Telematics Leaders to Grow to $23 billion on 2022
According to BI Research’s Commercial Telematics Competitive Assessment report, Verizon retains its lead among 12 strategic commercial telematics suppliers in ABI Research’s recent competitive analysis. Trimble and Geotab ranked second and third place, respectively. Trimble came remarkably close, benefitting from its scale, extensively broad verticals as well as converged telematics and video. Geotab has had a dramatic rise from a 14th ranking only two years ago by developing a secure, scalable and open platform that has won both strategic customers and partners across the commercial telematics industry.
The top five vendors, overall, listed by rank include Verizon, Trimble, Geotab, TomTom Telematics, and Omnitracs. Also notable is the first inclusion of Beijing-based G7, the telematics leader in China, with strategic accounts like Amazon China and JD.com as well as facial recognition and AI powered by Argus.
ABI Research, a market-foresight advisory firm providing strategic guidance on the most compelling transformative technologies, forecasts global commercial telematics system revenues to rise across trucking segments from US$13.5 billion in 2017 to over US$23 billion in 2022. The commercial telematics industry will continue to change rapidly, addressing a changing marketplace from “co-opetition” to rising OEM factory installs to technologies such as prognostics, video, and blockchain.
“Verizon led with at least 15 OEM partnerships, prognostics capabilities, acquisitions such as Skyward and enterprise-grade APIs” says Susan Beardslee, Senior Analyst at ABI Research. “Trimble accelerated growth through its ISE and 10-4 Systems acquisitions, industry-leading vertical coverage beyond its core including rail, forestry, and utilities and its rapid acceleration of its ecosystem partnerships.” Beardslee continues, “Geotab’s is a vendor to some of North America’s largest fleets. They added extensive capabilities such as Guardian system by Seeing Machines and Noregon’s TripVision for prognostics.”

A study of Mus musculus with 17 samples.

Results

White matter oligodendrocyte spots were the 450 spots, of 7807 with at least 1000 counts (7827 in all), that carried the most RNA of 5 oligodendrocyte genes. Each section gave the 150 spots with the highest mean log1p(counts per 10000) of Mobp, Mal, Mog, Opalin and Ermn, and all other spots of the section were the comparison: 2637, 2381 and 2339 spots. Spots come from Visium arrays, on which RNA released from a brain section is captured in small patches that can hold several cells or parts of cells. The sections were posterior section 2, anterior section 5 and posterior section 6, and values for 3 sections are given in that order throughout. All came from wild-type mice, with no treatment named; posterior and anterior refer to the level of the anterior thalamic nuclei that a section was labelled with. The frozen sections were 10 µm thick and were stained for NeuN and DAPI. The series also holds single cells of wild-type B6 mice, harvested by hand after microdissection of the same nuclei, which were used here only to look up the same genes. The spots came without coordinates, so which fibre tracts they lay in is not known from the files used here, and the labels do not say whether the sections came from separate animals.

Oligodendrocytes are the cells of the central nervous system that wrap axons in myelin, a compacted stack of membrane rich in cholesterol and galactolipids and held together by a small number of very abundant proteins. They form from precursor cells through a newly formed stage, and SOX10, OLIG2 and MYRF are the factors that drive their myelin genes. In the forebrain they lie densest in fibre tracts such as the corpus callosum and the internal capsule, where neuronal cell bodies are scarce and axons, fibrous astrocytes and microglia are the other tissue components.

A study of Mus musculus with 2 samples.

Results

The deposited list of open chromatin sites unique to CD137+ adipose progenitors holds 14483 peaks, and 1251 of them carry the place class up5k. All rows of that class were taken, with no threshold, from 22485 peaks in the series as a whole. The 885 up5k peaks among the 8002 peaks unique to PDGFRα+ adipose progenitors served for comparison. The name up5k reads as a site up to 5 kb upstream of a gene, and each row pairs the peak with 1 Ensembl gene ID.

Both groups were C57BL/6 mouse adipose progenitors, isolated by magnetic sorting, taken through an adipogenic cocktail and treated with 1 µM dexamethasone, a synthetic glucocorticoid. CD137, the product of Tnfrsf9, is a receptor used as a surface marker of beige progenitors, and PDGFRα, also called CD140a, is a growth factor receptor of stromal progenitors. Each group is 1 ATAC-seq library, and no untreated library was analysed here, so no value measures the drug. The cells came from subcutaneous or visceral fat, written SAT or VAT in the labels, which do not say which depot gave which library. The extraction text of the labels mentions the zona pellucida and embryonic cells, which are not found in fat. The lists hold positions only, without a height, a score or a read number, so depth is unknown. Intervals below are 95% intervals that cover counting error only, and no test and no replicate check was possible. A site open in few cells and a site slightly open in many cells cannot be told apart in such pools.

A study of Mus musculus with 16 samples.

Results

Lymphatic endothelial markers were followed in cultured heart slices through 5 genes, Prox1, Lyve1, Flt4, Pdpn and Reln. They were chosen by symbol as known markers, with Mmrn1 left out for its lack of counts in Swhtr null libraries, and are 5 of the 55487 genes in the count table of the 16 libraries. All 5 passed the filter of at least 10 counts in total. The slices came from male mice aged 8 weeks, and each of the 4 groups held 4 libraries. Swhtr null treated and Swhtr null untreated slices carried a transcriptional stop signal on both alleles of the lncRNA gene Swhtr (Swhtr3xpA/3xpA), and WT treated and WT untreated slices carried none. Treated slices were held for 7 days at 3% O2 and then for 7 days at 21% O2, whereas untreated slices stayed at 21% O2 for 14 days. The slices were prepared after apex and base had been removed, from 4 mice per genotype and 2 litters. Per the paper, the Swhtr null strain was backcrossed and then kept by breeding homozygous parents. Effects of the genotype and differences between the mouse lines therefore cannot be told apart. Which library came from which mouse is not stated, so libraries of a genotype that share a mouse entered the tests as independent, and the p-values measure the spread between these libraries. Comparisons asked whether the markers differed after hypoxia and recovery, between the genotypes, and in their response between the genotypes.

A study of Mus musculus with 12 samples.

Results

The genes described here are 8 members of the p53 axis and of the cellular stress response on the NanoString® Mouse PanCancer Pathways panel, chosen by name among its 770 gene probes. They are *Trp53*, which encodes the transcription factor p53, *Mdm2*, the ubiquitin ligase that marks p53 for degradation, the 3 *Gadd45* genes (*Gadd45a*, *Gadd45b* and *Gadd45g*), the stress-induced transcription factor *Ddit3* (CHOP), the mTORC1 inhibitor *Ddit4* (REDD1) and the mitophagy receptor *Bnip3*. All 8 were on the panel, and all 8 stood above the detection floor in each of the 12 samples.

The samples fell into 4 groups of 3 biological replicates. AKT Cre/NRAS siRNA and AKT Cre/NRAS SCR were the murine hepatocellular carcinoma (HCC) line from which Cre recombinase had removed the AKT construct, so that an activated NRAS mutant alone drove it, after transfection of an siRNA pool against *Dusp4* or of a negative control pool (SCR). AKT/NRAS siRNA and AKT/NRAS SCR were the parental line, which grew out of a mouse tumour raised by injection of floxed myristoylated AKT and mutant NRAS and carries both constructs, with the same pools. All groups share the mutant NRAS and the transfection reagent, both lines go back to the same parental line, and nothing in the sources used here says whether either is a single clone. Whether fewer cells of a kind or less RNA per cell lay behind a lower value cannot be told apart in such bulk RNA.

Of note, TomTom Telematics will be the first official partner for Microsoft’s Azure location-based services for critical location and real-time traffic data. Omnitracs continues joint development with Peloton on platooning and accelerated its driver prognostics capabilities as well as work with Cummins on OTA connectivity.
LTE-V2X -V2C over DSRC
With the LTE-V2X (LTE vehicle-to-everything) standard finalized and 5G standardization impending, the use of cellular technology for low-latency Vehicle-to-Vehicle (V2V) and Vehicle-to-Infrastructure (V2I) applications is now a realistic prospect—one that will challenge the legacy IEEE 802.11p Dedicated Short-Range Communications (DSRC) standard. ABI Research finds autonomous level 4 and driverless level 5 vehicles will require V2V and V2I capabilities to achieve ultra-high reliability levels with carriers like Deutsche Telekom, Orange, SK Telecom, Telefonica, and Vodafone already performing trials on automotive 4G and/or 5G use cases.
“The evolutionary path offered by cellular technologies and their large supporting mobile ecosystem is an attractive option for automotive suppliers and OEMs eager to execute early implementations of autonomous functionality,” says Dominique Bonte, Managing Director and Vice President at ABI Research. “While cellular antagonists claim DSRC is more mature, reliable, secure, and ready to deploy, it remains to be seen whether it will survive the onslaught of the cellular ecosystem or continue to coexist with future cellular alternatives.”
The legacy IEEE 802.11p DSRC standard allows reliable low latency communication of basic safety messages between vehicles and between vehicles and roadside infrastructure. While a DSRC mandate seems imminent in the U.S., ABI Research expects cellular V2X to show steady growth, initially through LTE-V2X, reaching 300 million global subscriptions by 2030. At that point, 5G V2X will surpass it. Longer term, automotive OEMs will start to offer network-based low-latency, end-to-end automotive services.
“The main challenge for cellular V2X is to get hold of dedicated spectrum needed for the Device-to-Device, or D2D, V2V protocol,” concludes Bonte. “While the intelligent transportation systems spectrum in the 5.9 GHz band was made available in the U.S., Europe, and other regions more than a decade ago, it remains reserved for DSRC. But this could change if, or more likely when, cellular giants like Ericsson, Qualcomm, and Samsung, unite and fight for lobbying power.”